Located in Battery Park at the very southern tip of Manhattan, this World War II memorial features eight 19-foot (5.8-meter) granite pillars engraved with the names of over 4600 U.S. servicemen who either died or were reported missing overseas in the western Atlantic Ocean during Word War II. The memorial's main attraction is a large bronze eagle which rests on top of a black granite slab in between the two rows of pillars. The memorial neighbors the historic Fort Clinton.
Established in 1782, the Grand Lodge of New York belongs to the Freemasons. This lodge is the governing body of hundreds of lodges that are located in the state. They are known to oversee and help arrange a range of events in the state. Some of these events include blood donation drives and awareness programs to discourage child abuse and consumption of alcohol and drugs. Visitors can take a guided tour of this lodge and learn about its rich history.
Trinity Church Cemetery has graves of many historic and famous personalities including Alexander Hamilton, Robert Fulton, William Bradford among others. Surrounded by 100-year-old oaks and elms, the cemetery is a very peaceful place, with grassy knolls and well maintained paths. This is one of the last remaining cemeteries in the Manhattan area. There are two bronze tablets here that mark the spots where fierce battle took place during the revolution. This cemetery is marked in the National Register of Historic Places and it still offers its services to the New Yorkers.
Located on New York's East 51st Street between 2nd and 3rd Avenues, GreenAcre Park provides a bit of foliage inside the concrete jungle. The GreenAcre Foundation established this park in 1971 and award-winning landscape architect Hideo Sasaki designed it. The highlight of the park is the tranquil waterfall and the mini esplanade features some chairs and tables for the weary to unwind. If you come during lunch, it becomes quite crowded with local business folk trying to sneak in some quiet time.
This small but beautiful botanic garden features a Japanese garden, as well as the Cranford Rose Garden, herb garden, the Children's Garden, and the Steinhard Conservatory of indoor flowers and plants. In all, there are 52 acres and 12,000 varieties of botanicals, ranging from the tiny bonsai to the towering oak. Self-guided tours, individual classes and certificate programs are all available. Students come with your valid id cards, if you want to avail of a discount.
Located in the Corona neighborhood of Queens, this national and city landmark was the home of New Orleans jazz icon Louis Armstrong during the latter half of his life. Today, the house also operates as a museum, where much of the house and its furnishings remain just the way Armstrong and his wife, Lucille, left it. The museum is shown only through guided tours, which last 40 minutes and begin every hour. The tour takes visitors through the house, while also playing audio clips from Armstrong's life, such as him practicing his trumpet or eating a meal, among other things. After the 40-minute tour, visitors are welcome to explore the exhibit area and a Japanese garden.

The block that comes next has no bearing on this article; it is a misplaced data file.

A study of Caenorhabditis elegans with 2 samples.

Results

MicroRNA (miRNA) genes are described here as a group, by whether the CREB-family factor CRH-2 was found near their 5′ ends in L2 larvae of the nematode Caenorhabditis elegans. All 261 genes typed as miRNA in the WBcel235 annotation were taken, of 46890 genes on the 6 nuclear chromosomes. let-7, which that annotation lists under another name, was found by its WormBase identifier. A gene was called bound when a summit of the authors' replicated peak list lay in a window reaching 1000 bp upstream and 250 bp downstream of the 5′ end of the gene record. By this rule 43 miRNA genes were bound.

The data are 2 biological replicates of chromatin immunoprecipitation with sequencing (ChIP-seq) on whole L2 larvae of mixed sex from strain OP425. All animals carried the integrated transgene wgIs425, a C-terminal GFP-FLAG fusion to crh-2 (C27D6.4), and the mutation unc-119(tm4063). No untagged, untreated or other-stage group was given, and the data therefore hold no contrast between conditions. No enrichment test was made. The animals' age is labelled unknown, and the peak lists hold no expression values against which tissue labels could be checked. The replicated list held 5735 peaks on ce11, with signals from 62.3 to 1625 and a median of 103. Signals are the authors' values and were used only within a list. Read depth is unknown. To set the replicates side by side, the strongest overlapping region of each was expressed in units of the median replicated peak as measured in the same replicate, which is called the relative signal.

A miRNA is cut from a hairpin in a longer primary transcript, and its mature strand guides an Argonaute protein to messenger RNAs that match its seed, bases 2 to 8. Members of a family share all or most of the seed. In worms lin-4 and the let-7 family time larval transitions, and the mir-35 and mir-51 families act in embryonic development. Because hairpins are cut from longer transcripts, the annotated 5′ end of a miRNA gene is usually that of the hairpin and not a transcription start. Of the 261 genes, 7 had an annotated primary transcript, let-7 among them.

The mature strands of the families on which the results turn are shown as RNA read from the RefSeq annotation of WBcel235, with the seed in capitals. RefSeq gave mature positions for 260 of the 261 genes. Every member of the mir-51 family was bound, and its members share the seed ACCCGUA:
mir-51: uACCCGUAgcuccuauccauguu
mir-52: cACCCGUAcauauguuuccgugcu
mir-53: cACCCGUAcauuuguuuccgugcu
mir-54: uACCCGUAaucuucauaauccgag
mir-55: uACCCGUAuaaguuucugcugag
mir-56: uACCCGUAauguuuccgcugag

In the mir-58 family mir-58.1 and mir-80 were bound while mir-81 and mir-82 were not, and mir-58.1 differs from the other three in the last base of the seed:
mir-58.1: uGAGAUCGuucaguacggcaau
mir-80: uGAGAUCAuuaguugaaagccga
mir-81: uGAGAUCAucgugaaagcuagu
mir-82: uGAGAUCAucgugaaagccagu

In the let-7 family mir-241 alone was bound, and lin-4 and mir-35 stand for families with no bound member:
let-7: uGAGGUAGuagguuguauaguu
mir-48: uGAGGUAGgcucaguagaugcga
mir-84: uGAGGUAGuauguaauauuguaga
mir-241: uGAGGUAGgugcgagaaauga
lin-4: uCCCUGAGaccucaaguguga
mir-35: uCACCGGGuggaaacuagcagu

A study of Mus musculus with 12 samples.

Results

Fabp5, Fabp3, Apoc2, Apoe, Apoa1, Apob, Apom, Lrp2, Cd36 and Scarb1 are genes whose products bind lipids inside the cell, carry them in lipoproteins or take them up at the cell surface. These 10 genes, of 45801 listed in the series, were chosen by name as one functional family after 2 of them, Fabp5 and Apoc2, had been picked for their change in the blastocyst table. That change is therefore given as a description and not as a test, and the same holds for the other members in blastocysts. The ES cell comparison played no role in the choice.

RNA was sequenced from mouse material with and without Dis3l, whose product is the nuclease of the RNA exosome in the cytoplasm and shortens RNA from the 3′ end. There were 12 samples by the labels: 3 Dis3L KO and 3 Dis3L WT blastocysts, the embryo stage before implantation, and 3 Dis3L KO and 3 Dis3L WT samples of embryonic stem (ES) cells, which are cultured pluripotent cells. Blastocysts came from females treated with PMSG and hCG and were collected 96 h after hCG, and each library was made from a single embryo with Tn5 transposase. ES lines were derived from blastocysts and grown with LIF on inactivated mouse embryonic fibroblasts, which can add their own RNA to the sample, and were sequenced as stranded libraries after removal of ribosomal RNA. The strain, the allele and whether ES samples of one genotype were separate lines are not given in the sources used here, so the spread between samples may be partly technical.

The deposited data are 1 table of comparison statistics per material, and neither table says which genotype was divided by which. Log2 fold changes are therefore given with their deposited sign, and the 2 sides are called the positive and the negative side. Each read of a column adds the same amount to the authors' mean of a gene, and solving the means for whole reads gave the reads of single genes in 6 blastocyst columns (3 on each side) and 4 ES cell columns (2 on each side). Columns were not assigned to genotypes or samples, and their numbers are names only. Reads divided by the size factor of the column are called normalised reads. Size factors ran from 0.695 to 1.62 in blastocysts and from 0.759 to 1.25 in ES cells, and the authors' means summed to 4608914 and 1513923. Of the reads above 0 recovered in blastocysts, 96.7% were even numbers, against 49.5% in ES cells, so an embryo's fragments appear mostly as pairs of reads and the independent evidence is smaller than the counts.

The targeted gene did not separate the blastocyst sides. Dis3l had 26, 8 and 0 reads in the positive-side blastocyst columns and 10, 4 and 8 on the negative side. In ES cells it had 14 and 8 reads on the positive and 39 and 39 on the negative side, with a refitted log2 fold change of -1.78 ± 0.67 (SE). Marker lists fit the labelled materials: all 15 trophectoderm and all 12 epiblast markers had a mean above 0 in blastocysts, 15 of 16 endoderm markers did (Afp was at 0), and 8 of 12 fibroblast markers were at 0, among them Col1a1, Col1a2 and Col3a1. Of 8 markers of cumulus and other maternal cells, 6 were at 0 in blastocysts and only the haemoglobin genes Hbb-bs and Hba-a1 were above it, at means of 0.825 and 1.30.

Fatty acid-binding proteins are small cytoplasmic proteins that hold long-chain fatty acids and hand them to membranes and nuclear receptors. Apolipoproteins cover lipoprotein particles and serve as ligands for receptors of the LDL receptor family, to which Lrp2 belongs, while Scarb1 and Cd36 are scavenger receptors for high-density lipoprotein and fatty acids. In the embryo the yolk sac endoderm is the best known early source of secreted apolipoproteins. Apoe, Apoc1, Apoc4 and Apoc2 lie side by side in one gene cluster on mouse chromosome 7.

The Little Red Lighthouse, also called Jeffrey's Hook, was a serving lighthouse until the George Washington Bridge was built. It served from 1880 to 1917 at Sandy Hook, New Jersey and then here at Jeffrey's Hook from 1921 to 1947. A part of the City Park Department, the Urban Park Rangers conduct tours of the lighthouse and includes food, reading the story called Little Red Lighthouse by Hildegarde Swift and the Great Gray Bridge by Lynd Ward and also take you to see pictures. The lighthouse stands on the point called Jeffrey's hook and close to the eastern pier of the bridge.
This memorial is dedicated to the devastating Great Irish Potato Famine of 1845 - 1852. The Famine resulted in nearly one million deaths in Ireland and forced countless others to emigrate to America, many of whom came to New York. The memorial is made of stones from all 32 counties of Ireland. It also uses native soil and vegetation straight from Ireland, as well as slabs of text separated by layers of Irish limestone from over 300 million years ago. The memorial also features an authentic 19th century Irish cottage.
The very beautifully preserved Merchant's House Museum shows how New York's merchant class lived in the 1800s. The brick townhouse was built in 1832 in the Greek-Revival style. Three years later, a successful merchant by the name of Seabury Tredwell bought the property, and it housed his family for generations. Today, visitors can see just how the family lived in the 19th Century. The kitchen and the fixtures are original, and in fact, all the furniture was used by this family.
Rubin Museum of Art (RMA) is one of the few museums committed to preserving and promoting art from the Himalayas and surrounding regions. It caters to everyone; experts, professors, art enthusiasts, and young children. The museum is always conducting various public and educational programs and hosts several changing exhibitions. The main draw here is a rare collection of paintings, sculptures and textiles dating back 2000 years.
The building housing the Morgan Library & Museum and research facility was constructed by J.P. Morgan Sr., who was one of the richest men in the country. It opened to the public in 1924. A national landmark, the exhibition room showcases rare manuscripts and books - a grand variety of works by musicians, writers, artists and more, including Bach, Hemingway and Rembrandt. Differing programs are offered year round, plus there’s a small cafe, garden court, dining room and extensive gift shop.